Bronx Mother Sues Pharmacy Over Prescription Mix-Up That Hospitalized Her Son
NEW YORK (CBSNewYork) -- A Bronx mother has sued a local pharmacy for accidentally supplying her 7-year-old son with Methadone instead of his prescribed attention deficit disorder medication.
Christina Torres said in July she gave her son Adrien three prescribed doses from a bottle labeled "methylphenidate," a generic form of Ritalin.
"I turned him around, and he was blue. His mouth was turning ... his eyes were rolling literally up here," Torres told CBS 2's Tony Aiello. "I'm saying to myself, oh my God, I'm going to lose my son."
Torres said she rushed her son to the emergency room, where she got the frightening diagnosis.
"Your son is overdosing on Methadone," Torres recalled doctors telling her.
Methadone is a powerful painkiller and is sometimes referred to as synthetic heroin.
Adrien had to be hospitalized for a week because of the mix-up, Torres told Aiello.
The Food and Drug Administration warned pharmacists a decade ago not to mix up Methadone and methylphenidate, because the pills have similar names and are both often stamped with the same letter "M."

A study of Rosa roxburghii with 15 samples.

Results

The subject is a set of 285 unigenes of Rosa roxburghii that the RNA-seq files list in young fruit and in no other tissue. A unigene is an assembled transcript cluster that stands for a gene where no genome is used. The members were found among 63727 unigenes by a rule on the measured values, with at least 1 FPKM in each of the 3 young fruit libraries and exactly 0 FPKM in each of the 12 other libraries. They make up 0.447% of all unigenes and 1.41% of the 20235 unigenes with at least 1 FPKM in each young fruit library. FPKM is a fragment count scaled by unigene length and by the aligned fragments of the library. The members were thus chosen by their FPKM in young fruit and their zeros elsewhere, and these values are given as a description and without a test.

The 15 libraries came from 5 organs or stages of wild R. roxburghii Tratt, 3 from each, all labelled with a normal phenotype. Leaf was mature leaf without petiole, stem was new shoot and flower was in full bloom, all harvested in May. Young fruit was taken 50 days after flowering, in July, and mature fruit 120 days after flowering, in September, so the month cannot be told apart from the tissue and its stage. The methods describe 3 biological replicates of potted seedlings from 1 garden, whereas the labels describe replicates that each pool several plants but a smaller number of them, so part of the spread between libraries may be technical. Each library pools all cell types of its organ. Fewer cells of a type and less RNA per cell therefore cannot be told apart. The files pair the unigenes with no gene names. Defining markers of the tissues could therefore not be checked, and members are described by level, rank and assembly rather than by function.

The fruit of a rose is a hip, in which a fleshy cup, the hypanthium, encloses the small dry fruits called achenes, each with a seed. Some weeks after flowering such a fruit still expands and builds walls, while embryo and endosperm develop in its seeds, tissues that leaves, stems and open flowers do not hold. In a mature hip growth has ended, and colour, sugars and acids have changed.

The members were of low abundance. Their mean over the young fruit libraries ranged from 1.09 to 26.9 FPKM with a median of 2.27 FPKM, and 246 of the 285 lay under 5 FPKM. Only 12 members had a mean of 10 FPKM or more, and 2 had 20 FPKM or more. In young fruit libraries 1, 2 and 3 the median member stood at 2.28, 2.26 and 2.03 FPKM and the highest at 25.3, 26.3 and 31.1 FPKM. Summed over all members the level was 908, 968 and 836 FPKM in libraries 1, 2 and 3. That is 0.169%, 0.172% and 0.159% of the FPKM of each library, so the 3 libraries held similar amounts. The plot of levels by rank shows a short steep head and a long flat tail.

"Where there is a similar sounding name or similarly spelled words, that may play into it," Ray Macioci, chairman of the NYC Pharmacists' Society, told CBS 2's Jessica Schneider.
Marioci said a mistake this big is rare, but he stressed how crucial it still is for parents to talk with pharmacists and to double-check prescriptions.
"The interaction between the pharmacist and the patient is the primary thing. That's the conversation that must be had," Macioci said.
The pharmacist at Felicity Pharmacy in Soundview said he feels deep remorse over the dangerous mix-up.
"I feel so sad, and I have remorse in my heart. And I also feel sorry for the kid that it happened to them, I only wish that it didn't happen," Naleen Thakker said.
In her lawsuit, Torres said it was an inexcusable and potentially fatal error.
"Christina put her trust into the pharmacy and what they got back in return for that trust was nothing less than a poison, Methadone," Torres' attorney Eric Buckvar told Aiello.
In addition to the lawsuit, pharmacist Naleen Thakker could face an investigation from the state of New York.
The pharmacist said he has since changed several protocols to make sure this doesn't happen again.